Detroit Wolverines

From BR Bullpen

Franchise Record: 426-437-15 .494

Post Season Record: 10-5 .667

National League Pennant: 1887

Pre-World Series title: 1887

Ballpark: Recreation Park (1881-88)

The Detroit Wolverines were a 19th century baseball team who were members of the National League between 1881 and 1888. The Wolverines were one of the first, if not the first team to be owned by a sitting mayor, William Thompson (1880-83). At the time of their formation, the team was the second professional team in Detroit; the first team was formed back in 1879, and lasted only half a season before folding, mostly likely due to financial problems.

The Wolverines joined the National League on December 8, 1880 replacing the Cincinnati Red Stockings who had been dropped from the league about 2 months prior. Team opened the season, at their home, Recreation Park, on May 2nd a 6-5 loss to the Buffalo Bisons. Managed by Frank Bancroft the team posted a 41-43 record. The following year the team posted their first winning season goin 42-41-3. Prior to the start of the 1883 season, Mayor Thompson sold the team to a businessman, Joseph Marsh, and Bancroft left the team to manage the Cleveland Forest Citys. Under manager Jack Chapman, the team won only 40 games and then a team worst 28 wins in 1884. During the off-season, the owners of the Wolverines contemplated dropping out. As a possible replacement, the league looked to replace them with the Cincinnati Outlaw Reds. However, the team was sold to Frederick Stearns who decided the team would remain in the league.

In the meantime, Chapman had been replaced as manager by Charlie Morton, but lasted only 38 games. Morton was replaced by Bill Watkins, who had until June 15th, was the manager of the Indianapolis Hoosiers in the Western League. Under Watkins, the team won 34 of its last 70 games. During the off season, the Buffalo Bisons dropped out of the league, with Stearns picking up four players (Dan Brouthers, Hardy Richardson, Jack Row and Deacon White) from the team. The next season saw the Wolverines more than double their win total to 87 wins. The team’s performance declined slightly in 1887, down to 79 wins. But it was enough to get the pennant. In the post season, the Wolverines would be facing the St. Louis Browns, winners of three straight American Association pennants, and defending World Champions.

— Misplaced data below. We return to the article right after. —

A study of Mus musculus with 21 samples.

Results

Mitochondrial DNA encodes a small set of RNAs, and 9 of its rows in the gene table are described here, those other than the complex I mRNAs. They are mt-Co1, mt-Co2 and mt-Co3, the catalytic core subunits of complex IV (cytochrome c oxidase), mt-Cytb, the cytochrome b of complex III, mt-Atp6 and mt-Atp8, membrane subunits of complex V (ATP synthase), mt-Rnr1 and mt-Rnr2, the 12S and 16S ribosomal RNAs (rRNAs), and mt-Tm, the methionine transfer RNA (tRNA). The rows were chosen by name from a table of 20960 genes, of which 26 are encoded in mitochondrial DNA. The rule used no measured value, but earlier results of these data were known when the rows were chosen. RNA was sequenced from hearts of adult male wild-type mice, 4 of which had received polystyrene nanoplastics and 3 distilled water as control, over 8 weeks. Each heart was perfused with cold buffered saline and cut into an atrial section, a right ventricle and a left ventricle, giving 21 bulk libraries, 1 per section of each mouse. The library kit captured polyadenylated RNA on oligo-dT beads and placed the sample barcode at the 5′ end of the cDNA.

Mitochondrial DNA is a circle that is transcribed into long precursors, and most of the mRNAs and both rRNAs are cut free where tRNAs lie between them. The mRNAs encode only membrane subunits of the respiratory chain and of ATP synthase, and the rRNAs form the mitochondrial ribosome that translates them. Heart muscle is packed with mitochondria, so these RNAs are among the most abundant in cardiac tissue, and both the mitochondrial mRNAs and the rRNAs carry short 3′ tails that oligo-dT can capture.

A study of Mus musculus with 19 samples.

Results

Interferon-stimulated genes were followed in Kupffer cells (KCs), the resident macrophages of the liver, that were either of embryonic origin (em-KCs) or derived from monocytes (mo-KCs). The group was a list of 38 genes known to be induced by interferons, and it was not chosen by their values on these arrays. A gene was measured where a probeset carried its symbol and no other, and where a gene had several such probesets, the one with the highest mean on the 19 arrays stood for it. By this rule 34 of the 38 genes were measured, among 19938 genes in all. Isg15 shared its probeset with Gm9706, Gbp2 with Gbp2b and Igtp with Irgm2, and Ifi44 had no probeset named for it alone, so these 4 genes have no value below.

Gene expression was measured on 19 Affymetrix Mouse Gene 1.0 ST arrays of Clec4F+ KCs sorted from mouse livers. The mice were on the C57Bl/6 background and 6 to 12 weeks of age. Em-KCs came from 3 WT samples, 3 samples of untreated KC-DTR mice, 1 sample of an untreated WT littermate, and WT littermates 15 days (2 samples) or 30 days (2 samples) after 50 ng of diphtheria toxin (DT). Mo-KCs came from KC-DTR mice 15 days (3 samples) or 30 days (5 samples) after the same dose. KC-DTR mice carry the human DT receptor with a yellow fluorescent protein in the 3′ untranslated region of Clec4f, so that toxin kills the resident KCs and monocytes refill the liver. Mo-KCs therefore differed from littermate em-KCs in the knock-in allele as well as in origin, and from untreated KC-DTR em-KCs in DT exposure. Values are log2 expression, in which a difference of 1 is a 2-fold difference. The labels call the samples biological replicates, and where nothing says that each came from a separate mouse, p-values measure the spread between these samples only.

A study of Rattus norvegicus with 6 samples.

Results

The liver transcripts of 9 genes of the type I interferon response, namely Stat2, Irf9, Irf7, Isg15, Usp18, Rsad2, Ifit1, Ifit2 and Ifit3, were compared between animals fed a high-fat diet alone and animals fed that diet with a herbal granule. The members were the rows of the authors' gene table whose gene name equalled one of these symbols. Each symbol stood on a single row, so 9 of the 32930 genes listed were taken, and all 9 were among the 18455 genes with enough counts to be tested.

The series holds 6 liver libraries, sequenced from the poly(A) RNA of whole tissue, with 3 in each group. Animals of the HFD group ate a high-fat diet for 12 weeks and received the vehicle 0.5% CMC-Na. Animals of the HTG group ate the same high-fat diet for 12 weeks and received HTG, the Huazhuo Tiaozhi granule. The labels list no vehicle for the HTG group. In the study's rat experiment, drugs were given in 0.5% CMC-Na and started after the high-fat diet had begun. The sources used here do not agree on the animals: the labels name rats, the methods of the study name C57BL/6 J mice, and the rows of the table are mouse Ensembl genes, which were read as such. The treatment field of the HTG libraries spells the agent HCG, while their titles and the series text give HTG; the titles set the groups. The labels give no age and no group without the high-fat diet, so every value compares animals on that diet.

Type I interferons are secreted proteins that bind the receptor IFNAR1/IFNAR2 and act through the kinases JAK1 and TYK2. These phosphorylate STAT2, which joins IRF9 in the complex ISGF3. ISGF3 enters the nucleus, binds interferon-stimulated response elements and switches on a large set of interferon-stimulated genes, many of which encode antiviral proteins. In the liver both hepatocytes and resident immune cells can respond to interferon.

This year’s post season championship series was different than previous seasons. For the first time, as well as the only time, many of the games between the two teams would take place in cities other than the two cities from which respective league champions were from. Wolverines’ owner Frederick Stearns, who was eager to take advantage of his gate-drawing team, proposed to the Browns’ owner, Chris von der Ahe, which the 2 clubs should participate in a 15-game post season with the two teams playing in almost every major league city. In addition, admission would be increased to $1.00 and the use of 2 umpires, a first in the series. The umpires chosen were both named Honest John. One was "Honest John" Kelly and the other "Honest John" Gaffney. The series opened in St. Louis, as the Browns had the better record. Both teams won a game in St. Louis. Game 3 was in Detroit with the Wolverines winning in 13 innings. By Game 8, the series was essentially over. However the two teams kept playing. At the last game, only 659 showed up for a 9-2 Browns’ win. The Wolverines won 10 out of the 15. They swept the Browns in Detroit, and Philadelphia, while the Browns swept in Brooklyn and took 2 out of 3 in St. Louis.

The 1888 season, which ended up being the Wolverines’ last season, finds the team winning only 68 games. After 94 games, Bill Watkins is replaced by Bob Leadley. After the season, Detroit drops out of the league. Many sports writers and fans felt that the owners let them down by disbanding the team. Between 1889 and 1894, there were three minor league teams who used the Wolverines nickname. The last team to use the Wolverines name is now known as the Detroit Tigers. The Wolverines nickname would make one last appearance in 1928, when a NFL team used the name for that season.


  • Jerry Lansche: Glory Fades Away: The Nineteenth-Century World Series Rediscovered, Taylor Publishing, Dallas, Texas, 1991: pp. 95–125.